I once had dreams of making it as a literary writer. Those notions were, of course, about as far fetched as my earlier dreams of playing professional baseball. But we’re not here to discuss my childhood dreams. Thanks to fresh data from The Wall Street Journal we’re going to examine just how hard it is for writers–even writers of exceptional merit–to make a living.
“In terms of making a living as a writer, you better have another source of income,” says Nan Talese, whose Nan A. Talese/Doubleday imprint publishes Ian McEwan, Margaret Atwood and John Pipkin. One reason for Talese’s pessimism is the hard facts of a shrinking market for books. Consumer books peaked in 2008 at 1.63 billion units and are expected to decline to 1.47 billion this year and to 1.43 billion by 2012.
With all the entertainment options and various time pressures like work and raising a family, who has time for a book today? Online game developers are getting rich; meanwhile, our nation’s scribes are applying not just for grants, but for food stamps.
Yet, where there is disorder there is also opportunity. “Writers come up from nowhere, from the ground up, and nobody is looking for them or asking for them, but there they are,” says E.L. Doctorow. Who’s going to produce and market their work, and help them make a living? No one knows. But writers, like weeds, will keep coming. That we do know.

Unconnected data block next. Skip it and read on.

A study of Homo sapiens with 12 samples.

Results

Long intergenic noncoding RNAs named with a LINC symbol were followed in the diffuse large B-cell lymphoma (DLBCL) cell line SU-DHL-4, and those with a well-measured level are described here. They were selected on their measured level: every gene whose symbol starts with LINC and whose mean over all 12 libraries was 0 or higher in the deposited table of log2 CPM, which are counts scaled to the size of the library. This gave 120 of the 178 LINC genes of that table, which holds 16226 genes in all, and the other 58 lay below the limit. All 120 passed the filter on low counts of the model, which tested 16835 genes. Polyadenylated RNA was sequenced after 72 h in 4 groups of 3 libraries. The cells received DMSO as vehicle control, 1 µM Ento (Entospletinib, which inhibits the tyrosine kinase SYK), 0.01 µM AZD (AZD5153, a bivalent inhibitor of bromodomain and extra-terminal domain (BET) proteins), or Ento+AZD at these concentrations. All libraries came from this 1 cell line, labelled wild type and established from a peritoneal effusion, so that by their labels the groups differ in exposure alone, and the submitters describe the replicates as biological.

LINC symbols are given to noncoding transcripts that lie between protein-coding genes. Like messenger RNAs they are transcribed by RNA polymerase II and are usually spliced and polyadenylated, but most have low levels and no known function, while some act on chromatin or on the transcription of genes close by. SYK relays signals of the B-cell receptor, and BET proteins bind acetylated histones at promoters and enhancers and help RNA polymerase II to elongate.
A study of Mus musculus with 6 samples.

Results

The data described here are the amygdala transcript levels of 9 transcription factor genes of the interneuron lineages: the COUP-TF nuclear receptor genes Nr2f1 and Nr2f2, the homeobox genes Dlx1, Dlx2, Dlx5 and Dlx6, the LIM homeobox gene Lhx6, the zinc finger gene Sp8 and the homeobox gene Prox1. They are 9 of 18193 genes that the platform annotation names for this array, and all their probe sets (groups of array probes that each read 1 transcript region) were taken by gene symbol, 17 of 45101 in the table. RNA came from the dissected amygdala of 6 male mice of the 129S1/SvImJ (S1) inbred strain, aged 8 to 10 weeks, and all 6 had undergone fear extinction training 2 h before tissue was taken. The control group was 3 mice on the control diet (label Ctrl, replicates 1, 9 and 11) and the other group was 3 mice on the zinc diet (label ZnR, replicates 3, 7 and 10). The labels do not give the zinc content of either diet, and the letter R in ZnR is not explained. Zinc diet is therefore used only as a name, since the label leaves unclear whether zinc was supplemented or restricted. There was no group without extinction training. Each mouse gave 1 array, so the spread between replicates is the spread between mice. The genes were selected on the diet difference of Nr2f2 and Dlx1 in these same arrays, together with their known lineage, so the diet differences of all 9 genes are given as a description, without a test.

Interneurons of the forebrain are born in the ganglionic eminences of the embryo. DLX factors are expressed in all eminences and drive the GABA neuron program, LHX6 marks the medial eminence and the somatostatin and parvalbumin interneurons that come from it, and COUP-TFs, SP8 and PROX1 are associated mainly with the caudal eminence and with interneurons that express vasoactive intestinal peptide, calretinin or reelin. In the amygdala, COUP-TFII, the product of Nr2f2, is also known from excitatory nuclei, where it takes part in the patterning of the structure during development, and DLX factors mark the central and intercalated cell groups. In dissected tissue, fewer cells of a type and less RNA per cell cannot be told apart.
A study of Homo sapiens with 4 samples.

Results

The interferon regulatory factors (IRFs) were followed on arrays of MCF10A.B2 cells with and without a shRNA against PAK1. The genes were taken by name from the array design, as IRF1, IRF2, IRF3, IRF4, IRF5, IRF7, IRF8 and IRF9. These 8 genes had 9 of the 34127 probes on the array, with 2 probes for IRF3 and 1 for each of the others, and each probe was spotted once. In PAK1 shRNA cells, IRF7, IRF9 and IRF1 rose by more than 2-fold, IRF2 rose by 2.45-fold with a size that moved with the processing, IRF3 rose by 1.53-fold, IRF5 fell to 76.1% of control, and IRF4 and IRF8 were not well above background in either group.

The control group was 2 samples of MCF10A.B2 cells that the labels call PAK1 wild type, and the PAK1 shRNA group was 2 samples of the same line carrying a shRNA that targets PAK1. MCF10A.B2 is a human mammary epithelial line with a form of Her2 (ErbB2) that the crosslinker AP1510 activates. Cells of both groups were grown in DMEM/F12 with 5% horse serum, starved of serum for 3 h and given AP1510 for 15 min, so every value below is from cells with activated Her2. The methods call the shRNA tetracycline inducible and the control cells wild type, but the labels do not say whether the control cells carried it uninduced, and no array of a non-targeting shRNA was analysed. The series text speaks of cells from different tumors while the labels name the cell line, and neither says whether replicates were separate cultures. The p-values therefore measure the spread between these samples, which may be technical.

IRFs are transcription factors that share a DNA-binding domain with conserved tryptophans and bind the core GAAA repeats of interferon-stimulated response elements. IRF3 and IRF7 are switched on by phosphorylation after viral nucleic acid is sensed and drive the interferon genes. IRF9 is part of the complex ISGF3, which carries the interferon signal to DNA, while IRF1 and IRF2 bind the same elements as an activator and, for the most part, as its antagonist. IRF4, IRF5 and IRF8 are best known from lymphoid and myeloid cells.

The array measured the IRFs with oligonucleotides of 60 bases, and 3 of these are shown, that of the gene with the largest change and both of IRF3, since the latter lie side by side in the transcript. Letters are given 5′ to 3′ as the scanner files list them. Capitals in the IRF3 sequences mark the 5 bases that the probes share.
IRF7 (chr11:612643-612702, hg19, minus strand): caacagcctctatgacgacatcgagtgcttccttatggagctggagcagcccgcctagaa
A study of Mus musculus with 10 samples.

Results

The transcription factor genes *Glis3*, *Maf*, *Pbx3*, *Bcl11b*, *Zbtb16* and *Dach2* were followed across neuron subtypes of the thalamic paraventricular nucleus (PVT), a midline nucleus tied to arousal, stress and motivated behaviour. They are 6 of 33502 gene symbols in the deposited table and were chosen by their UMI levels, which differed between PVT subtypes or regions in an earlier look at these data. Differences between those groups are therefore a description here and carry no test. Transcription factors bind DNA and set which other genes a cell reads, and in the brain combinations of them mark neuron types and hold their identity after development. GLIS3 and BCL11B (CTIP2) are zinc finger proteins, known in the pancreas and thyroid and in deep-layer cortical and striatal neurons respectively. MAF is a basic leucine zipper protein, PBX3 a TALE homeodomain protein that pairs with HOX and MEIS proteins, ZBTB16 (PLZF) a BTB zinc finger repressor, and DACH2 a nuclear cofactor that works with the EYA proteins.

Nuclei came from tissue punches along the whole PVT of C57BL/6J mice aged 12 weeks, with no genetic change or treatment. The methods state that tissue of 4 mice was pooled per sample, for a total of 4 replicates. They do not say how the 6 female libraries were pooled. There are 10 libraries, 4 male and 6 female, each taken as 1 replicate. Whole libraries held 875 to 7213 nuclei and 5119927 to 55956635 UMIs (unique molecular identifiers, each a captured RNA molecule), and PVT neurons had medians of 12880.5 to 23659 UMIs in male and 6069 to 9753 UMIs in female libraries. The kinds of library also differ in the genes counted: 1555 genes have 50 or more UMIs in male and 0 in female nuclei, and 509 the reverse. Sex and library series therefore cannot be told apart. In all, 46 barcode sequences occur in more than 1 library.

One answer can be found in independent publishers like Turtle Point Press who are signing some promising literary-fiction writers, so it’s not as if good books aren’t being written and published today. But independents offer, on average, $1,000 to $5,000 for advances, a fraction of the $50,000 to $100,000 advances that established publishers typically paid in the past for debut literary fiction.
What about eBooks? eBooks are selling like hot cakes, right? According to the Journal, eBooks are far from a game changer for emerging writers, although they do provide a nice bit of change for best selling authors.
Let me ask, what is your relationship to the printed book? Do books take up a lot of shelf space in your home? Are they packed away in boxes in the garage? Have you sold them all back to the used bookstore? Do you carry all the reading material you’ll ever need in one electronic device?
Personally, we have more books in our little cottage than we know what to do with. But I’m not reading new books at the pace I once did. The atomization on content is to blame. Like music fans who now buy just the single instead of the entire album, I click through the web harvesting bits and pieces from my favorite sources. I don’t have to subscribe to a magazine or newspaper, or buy a book. For the most part, I just click and read.
Interestingly, all this online clicking and reading repositions the book as special event in my life. To set time aside for a printed book is to say, I’m here now concentrating on this long form narrative. Email and iThis and iThat be damned.